Vision & Sight Recovery


What makes us perceive and interact with our visual environment the way we do?

This seemingly simple question is, in fact, far from trivial. The simple act of viewing an image can sometimes yield vastly different perceptual interpretations among individuals, even within the same person across different moments in time. The nature of this variability has puzzled researchers and scholars for centuries and remains one of the key problems of vision and cognitive science. In our research, we focus on multiple factors that might contribute to this variability. These include an individual’s prior experiences, the influence of temporal and spatial context, and the intrinsic dynamics of neural activity patterns. These factors may interact in ways that are highly specific to each individual, much like fingerprints, and can vary drastically, particularly in clinical conditions. Our goal is to understand how these factors interact in shaping our moment-to-moment visual abilities, beyond what meets the eye.

To this aim, our research follows two main axes:

  1. Understanding the role of spatial and temporal context in visual perception.
  2. Characterizing the relationship between inter- and intra-individual variability in visual performance and temporal dynamics of neural activity patterns.

Within these frameworks, we use a multidisciplinary approach, integrating studies of human behavior (psychophysics), neural activity (EEG, fMRI, brain connectivity), and computational/brain network modeling. Our research encompasses various topics, from visual perception, attention, and memory, to spatial and temporal processing, brain rhythms, and networks. Our overarching focus is on explaining variability in perceptual performance within and across individuals, including clinical populations.

David Pascucci

David Pascucci studied Experimental Psychology at the University of Florence (Italy) and obtained his Master’s degree in 2009, with a thesis about the integration of auditory and visual signals. In 2014, he earned his Ph.D. in Cognitive Science at the Center for Mind/Brain Sciences (CIMeC, Rovereto, Trento) under the supervision of Prof. Turatto. During his Ph.D., he focused on the mechanisms underlying plasticity and learning in human attention and visual perception, using psychophysics and functional magnetic resonance imaging (fMRI).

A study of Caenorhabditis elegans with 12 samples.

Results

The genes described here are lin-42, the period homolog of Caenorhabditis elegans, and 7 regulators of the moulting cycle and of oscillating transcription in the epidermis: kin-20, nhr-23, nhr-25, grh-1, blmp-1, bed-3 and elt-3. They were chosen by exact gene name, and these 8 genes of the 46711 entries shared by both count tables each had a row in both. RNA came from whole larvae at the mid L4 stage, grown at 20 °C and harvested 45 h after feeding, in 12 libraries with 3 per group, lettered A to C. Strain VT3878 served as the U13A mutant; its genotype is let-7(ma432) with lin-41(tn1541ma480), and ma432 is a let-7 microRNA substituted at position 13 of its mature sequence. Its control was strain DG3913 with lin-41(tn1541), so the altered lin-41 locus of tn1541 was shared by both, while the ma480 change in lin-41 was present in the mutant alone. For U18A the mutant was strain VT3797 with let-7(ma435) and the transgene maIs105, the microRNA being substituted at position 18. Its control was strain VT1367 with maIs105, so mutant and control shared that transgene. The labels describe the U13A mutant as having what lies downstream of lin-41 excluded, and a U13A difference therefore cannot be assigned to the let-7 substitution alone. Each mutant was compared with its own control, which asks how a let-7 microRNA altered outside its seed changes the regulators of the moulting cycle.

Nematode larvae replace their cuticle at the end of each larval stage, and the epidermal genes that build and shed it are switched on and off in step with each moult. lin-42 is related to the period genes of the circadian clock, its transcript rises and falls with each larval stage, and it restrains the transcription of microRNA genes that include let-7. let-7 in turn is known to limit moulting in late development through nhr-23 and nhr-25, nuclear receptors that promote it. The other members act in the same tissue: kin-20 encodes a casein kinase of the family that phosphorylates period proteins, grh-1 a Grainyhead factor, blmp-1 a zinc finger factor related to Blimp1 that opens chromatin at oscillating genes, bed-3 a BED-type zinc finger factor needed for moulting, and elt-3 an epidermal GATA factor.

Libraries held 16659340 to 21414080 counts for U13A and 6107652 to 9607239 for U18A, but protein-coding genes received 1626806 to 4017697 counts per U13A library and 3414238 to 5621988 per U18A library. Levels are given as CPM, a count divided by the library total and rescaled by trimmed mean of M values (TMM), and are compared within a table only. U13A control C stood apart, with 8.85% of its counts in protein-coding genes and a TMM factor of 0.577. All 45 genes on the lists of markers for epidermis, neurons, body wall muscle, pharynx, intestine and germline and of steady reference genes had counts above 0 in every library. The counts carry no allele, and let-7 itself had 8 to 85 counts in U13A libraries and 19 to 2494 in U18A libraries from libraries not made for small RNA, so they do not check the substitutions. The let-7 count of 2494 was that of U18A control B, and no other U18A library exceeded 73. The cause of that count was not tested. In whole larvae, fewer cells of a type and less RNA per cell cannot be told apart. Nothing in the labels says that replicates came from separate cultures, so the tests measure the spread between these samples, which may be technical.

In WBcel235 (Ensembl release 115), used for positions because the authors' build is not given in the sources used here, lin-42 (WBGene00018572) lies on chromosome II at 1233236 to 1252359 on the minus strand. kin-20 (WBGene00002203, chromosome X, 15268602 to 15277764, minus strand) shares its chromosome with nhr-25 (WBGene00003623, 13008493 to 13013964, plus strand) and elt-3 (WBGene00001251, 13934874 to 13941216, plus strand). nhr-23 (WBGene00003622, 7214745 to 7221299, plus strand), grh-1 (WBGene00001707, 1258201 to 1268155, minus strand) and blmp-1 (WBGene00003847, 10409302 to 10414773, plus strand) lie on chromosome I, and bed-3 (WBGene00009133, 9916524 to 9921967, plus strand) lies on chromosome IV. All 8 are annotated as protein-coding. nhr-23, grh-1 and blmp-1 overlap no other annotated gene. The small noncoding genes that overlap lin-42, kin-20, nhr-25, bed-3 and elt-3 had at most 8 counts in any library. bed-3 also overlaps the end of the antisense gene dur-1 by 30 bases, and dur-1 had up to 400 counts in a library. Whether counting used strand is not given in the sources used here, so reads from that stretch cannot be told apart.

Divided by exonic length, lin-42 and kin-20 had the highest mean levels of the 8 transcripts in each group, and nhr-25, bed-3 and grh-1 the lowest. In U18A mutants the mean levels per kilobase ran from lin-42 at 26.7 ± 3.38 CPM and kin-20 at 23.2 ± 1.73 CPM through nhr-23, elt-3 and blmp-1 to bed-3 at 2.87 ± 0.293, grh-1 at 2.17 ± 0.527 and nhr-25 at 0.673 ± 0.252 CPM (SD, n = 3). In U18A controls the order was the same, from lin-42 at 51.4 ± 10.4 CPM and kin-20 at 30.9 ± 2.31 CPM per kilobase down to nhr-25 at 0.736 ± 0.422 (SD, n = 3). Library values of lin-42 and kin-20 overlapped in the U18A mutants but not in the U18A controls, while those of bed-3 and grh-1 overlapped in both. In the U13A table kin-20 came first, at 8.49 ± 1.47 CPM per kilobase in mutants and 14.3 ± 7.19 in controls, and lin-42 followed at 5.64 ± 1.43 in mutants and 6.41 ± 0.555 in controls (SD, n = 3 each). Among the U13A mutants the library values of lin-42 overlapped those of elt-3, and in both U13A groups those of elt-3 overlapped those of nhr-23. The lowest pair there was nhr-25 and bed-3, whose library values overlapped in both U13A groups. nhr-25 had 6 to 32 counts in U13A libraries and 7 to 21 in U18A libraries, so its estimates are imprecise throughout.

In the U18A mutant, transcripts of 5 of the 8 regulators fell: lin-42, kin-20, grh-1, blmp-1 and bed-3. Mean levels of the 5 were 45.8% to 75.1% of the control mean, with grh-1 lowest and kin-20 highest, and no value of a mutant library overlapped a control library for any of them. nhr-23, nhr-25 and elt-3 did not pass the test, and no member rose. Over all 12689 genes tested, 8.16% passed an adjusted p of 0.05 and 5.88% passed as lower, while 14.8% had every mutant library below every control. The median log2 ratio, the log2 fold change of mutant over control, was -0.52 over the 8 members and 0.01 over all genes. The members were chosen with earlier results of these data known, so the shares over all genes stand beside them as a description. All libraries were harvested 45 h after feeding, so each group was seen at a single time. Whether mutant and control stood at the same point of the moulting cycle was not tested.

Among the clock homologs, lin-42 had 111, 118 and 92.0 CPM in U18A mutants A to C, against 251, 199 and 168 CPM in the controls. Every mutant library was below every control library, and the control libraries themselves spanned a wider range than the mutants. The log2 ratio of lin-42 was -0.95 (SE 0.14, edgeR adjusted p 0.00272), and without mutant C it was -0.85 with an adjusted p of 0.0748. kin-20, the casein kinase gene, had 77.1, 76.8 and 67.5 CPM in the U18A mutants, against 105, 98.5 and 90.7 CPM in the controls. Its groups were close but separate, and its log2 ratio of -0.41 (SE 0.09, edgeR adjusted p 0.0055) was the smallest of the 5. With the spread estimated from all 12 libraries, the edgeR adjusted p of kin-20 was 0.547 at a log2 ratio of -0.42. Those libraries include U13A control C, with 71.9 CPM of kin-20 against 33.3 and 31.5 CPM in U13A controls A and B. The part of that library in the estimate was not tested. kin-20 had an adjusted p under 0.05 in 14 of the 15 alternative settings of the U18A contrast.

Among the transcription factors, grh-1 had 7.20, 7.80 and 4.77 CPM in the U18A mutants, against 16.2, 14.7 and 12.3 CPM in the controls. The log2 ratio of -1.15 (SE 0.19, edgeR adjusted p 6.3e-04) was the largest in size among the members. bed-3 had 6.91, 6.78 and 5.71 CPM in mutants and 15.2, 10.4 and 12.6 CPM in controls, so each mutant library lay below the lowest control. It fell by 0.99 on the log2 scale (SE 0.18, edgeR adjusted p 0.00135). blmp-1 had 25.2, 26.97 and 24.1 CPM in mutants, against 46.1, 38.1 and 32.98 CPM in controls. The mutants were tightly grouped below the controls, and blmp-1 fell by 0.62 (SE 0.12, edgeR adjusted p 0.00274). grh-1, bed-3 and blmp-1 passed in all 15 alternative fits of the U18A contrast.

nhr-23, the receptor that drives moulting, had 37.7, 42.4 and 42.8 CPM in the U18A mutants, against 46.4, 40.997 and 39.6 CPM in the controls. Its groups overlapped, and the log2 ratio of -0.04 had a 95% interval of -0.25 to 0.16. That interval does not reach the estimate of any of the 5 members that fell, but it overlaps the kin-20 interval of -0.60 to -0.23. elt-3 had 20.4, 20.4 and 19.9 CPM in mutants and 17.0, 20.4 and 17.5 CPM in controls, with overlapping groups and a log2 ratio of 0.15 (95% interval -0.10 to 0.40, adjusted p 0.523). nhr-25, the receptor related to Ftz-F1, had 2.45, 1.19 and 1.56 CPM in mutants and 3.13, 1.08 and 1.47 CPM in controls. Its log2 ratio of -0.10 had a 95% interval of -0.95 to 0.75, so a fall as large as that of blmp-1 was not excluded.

He did his first post-doc in 2014-2015 at the Department of Movement and Neurological Sciences, in the lab of Prof. Chelazzi (Emergent Attention Lab, University of Verona), where he investigated the role of temporal context in human vision. From 2015 to 2019, he was a senior post-doctoral fellow in the Perceptual Network Group of Prof. Plomp (University of Fribourg, Switzerland), where he focused on dynamic network approaches to the study of human vision, combining electroencephalography (EEG), MRI, and Granger-causal modeling. During these years, he was also a member of the SNSF Sinergia consortium “Brain Communication Pathways.”

In 2019, he was awarded an SNSF Ambizione grant, which allowed him to join the Brain Mind Institute (EPFL, hosted by the lab of Prof. Herzog) as Principal Investigator, and at the same time, he was a co-PI at the University of Iceland (RANNIS grant, in collaboration with Prof. Árni Kristjánsson).

Starting in 2024, he is an Assistant Professor (SNSF Starting Grant) at the University Hospital of Lausanne (CHUV), the University of Lausanne (UNIL), and The Sense Innovation and Research Center.


Av. de Provence 82
1007 Lausanne
Suisse

Partnership

Key publications

PubMed ORCID

Laws of concatenated perception: Vision goes for novelty, decisions for perseverance

Pascucci, D. et al. Laws of concatenated perception: Vision goes for novelty, decisions for perseverance. PLOS Biology 17, e3000144 (2019).

Tuning perception and decisions to temporal context

Blondé, P., Kristjánsson, Á. & Pascucci, D. Tuning perception and decisions to temporal context. iScience 108008 (2023) doi:10.1016/j.isci.2023.108008

Unlocking crowding by ensemble statistics

Tiurina, N. A., Markov, Y., Choung, O.-H., Herzog, M. H. & Pascucci, D. Unlocking crowding by ensemble statistics. Current Biology 32, 4975-4981.e3 (2022).

Alpha peak frequency affects visual performance beyond temporal resolution

Menétrey, M. Q., Roinishvili, M., Chkonia, E., Herzog, M. H. & Pascucci, D. Alpha peak frequency affects visual performance beyond temporal resolution. Imaging Neuroscience 2, 1–12 (2024).

Modeling time-varying brain networks with a self-tuning optimized Kalman filter

Pascucci, D., Rubega, M. & Plomp, G. Modeling time-varying brain networks with a self-tuning optimized Kalman filter. PLOS Computational Biology 16, e1007566 (2020).